The idea of an exchange goes back thousands of years, if not more. The exchanging of goods and services between one person and another is a hallmark of any marketplace. The earliest evidence of wine production dates back 8,000 years and it seems likely that the selling of wine for profit dates back just as far.
If wine has been successfully traded for this long, why do we need a wine exchange now?
The simple response to this would be that if we need an exchange for other goods and services that we trade, why not wine? The financial industry, particularly the stock market, is built on the premise of buying and selling at opportune times. The wine industry is no different. A fine wine exchange brings like-minded customers and traders together, giving a platform for safe, secure sales.
The fine wine market has been historically fragmented with no standard trading rules. The first fine wine exchange, Liv-ex, which launched in 2000, aimed to share information about available products on both a global scale and a merchant-to-merchant basis. Compared to the financial market, the wine industry is tiny; the big money put into global banking was financially viable long before a fine wine exchange would have been. The internet provided the means to reduce the cost of bringing the global market together, making financial investment and exchange cost-effective in the wine industry for the first time.
Today the Liv-ex Exchange has over 400 members in 35 countries spread across six continents. Members, such as fine wine connoisseur Ali Seytanpir, enjoy the many benefits the exchange has to offer. The convenience of having the world’s fine wine traders in one place brings ease and economy to transactions so that members can better serve those whom they represent. Liv-ex matches buyers with sellers by checking prices, noting requirements and spotting opportunities. It is a growing marketplace but Liv-ex is keen to vet new members to increase confidence in trading. The exchange polices disputes and insists on price transparency, avoiding the uncertainty of negotiation amongst members. It offers a fully automated trading platform and has created a standard industry contract to clarify terms.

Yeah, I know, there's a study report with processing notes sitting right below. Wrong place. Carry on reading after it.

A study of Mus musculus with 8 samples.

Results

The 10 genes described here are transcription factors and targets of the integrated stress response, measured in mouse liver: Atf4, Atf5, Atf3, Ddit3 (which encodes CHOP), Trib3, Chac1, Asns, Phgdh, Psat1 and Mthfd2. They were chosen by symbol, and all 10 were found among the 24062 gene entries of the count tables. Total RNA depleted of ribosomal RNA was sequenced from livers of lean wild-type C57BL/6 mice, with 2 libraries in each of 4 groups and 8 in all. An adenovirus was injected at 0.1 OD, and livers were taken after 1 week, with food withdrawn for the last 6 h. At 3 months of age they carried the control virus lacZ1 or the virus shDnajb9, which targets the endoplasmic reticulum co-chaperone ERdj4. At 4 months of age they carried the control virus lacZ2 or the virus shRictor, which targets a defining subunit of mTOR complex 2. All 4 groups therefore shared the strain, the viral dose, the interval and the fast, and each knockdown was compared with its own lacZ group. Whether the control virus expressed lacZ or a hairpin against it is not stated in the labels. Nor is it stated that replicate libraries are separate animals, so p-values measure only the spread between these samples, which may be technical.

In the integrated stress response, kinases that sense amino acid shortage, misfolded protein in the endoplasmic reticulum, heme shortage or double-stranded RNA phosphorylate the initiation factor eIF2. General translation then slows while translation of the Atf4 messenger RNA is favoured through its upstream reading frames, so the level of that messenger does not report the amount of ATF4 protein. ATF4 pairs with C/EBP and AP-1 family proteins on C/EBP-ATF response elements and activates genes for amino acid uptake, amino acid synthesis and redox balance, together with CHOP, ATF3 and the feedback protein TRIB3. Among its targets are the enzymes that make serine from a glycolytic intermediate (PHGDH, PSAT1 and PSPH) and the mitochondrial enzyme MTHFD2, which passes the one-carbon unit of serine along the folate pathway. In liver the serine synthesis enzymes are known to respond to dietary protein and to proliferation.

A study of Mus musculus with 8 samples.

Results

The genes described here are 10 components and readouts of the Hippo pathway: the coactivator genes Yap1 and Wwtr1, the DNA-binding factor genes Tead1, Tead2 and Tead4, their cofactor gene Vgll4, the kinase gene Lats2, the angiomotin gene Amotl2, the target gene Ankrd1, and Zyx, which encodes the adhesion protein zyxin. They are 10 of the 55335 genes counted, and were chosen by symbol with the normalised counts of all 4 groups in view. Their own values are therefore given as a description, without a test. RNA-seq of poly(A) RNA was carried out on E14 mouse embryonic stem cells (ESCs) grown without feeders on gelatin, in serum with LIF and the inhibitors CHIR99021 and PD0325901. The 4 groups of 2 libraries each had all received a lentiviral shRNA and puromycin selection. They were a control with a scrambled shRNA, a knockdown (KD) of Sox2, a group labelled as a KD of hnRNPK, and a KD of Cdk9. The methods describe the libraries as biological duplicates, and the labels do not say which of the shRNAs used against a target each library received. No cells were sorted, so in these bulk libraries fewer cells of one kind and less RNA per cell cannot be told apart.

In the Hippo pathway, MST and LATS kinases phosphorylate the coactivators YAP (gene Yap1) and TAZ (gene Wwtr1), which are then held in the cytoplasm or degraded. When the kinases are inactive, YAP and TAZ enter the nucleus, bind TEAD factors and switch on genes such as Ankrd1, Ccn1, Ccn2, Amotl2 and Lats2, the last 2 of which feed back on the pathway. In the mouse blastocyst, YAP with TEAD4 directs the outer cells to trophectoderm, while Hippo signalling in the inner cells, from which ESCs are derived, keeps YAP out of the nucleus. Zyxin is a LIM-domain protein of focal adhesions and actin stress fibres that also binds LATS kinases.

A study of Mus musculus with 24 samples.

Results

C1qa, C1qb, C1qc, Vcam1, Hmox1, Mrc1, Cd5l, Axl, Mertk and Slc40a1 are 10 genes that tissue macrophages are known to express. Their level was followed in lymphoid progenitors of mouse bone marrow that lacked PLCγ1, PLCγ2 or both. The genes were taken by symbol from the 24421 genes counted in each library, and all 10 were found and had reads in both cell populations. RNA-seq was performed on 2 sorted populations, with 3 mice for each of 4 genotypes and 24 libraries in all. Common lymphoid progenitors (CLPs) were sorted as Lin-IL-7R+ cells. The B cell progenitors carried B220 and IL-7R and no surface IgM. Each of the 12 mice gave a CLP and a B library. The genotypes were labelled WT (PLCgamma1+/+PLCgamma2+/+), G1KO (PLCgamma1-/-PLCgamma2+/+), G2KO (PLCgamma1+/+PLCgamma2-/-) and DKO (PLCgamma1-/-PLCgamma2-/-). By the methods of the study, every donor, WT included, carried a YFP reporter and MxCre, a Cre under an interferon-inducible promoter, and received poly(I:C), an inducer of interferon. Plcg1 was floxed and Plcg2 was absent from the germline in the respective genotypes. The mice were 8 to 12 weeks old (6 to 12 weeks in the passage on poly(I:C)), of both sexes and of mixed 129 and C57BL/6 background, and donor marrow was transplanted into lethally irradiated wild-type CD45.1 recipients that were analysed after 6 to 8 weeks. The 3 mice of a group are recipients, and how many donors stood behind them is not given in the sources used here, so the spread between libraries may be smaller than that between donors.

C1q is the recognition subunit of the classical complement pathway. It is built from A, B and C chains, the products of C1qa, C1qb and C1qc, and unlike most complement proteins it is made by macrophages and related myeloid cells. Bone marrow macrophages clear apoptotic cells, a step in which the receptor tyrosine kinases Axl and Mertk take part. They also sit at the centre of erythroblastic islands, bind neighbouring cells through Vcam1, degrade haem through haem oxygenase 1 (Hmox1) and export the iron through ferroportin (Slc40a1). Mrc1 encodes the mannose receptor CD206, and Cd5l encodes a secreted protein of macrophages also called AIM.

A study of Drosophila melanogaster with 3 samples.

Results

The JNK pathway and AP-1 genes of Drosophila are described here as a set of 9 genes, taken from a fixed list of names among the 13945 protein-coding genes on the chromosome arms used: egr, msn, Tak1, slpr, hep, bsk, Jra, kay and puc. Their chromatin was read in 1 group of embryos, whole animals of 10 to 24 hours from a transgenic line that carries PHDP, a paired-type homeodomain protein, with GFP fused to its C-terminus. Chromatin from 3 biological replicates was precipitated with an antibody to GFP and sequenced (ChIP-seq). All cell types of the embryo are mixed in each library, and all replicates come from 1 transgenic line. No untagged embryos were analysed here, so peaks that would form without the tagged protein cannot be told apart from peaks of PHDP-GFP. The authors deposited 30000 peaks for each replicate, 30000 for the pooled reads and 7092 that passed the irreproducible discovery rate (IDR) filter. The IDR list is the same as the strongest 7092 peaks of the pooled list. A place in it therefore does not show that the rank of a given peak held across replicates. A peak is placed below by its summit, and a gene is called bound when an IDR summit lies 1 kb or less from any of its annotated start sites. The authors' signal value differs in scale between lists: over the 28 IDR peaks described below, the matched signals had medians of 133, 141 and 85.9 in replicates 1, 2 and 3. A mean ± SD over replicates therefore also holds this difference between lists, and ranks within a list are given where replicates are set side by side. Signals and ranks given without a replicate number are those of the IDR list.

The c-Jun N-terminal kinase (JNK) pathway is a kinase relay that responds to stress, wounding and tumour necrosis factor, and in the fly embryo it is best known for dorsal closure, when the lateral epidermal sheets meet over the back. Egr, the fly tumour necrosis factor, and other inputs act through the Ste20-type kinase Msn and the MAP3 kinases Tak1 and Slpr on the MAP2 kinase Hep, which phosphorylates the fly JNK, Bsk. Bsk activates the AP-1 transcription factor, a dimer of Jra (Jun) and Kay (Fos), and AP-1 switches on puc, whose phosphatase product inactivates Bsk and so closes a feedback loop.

A fine wine exchange improves trading efficiency, particularly since security and contracts have standardised the process. It makes the comparison of transactions easier and helps buyers to recognise opportunities. For centuries, wine merchants and collectors have understood the value of wine for both pleasure and investment. Fine wine can be an interesting way to diversify an investment portfolio and online exchanges have made the process more transparent. It holds fantastic appeal as an alternative investment, with the fine wine market expected to grow. The fine wine market value is currently estimated to be around $4 billion.
For anyone considering taking their first foray into fine wine investment, there are a few important considerations. As with any investment, it is advisable to only invest money that you have available. This seems obvious but no investment offers any guarantees and potential investors should always have a contingency plan for when an investment doesn’t pay off. This is especially true with wine where spillage or spoilage can occur, and most true wine connoisseurs will enjoy the occasional bottle of their investment with a nice meal.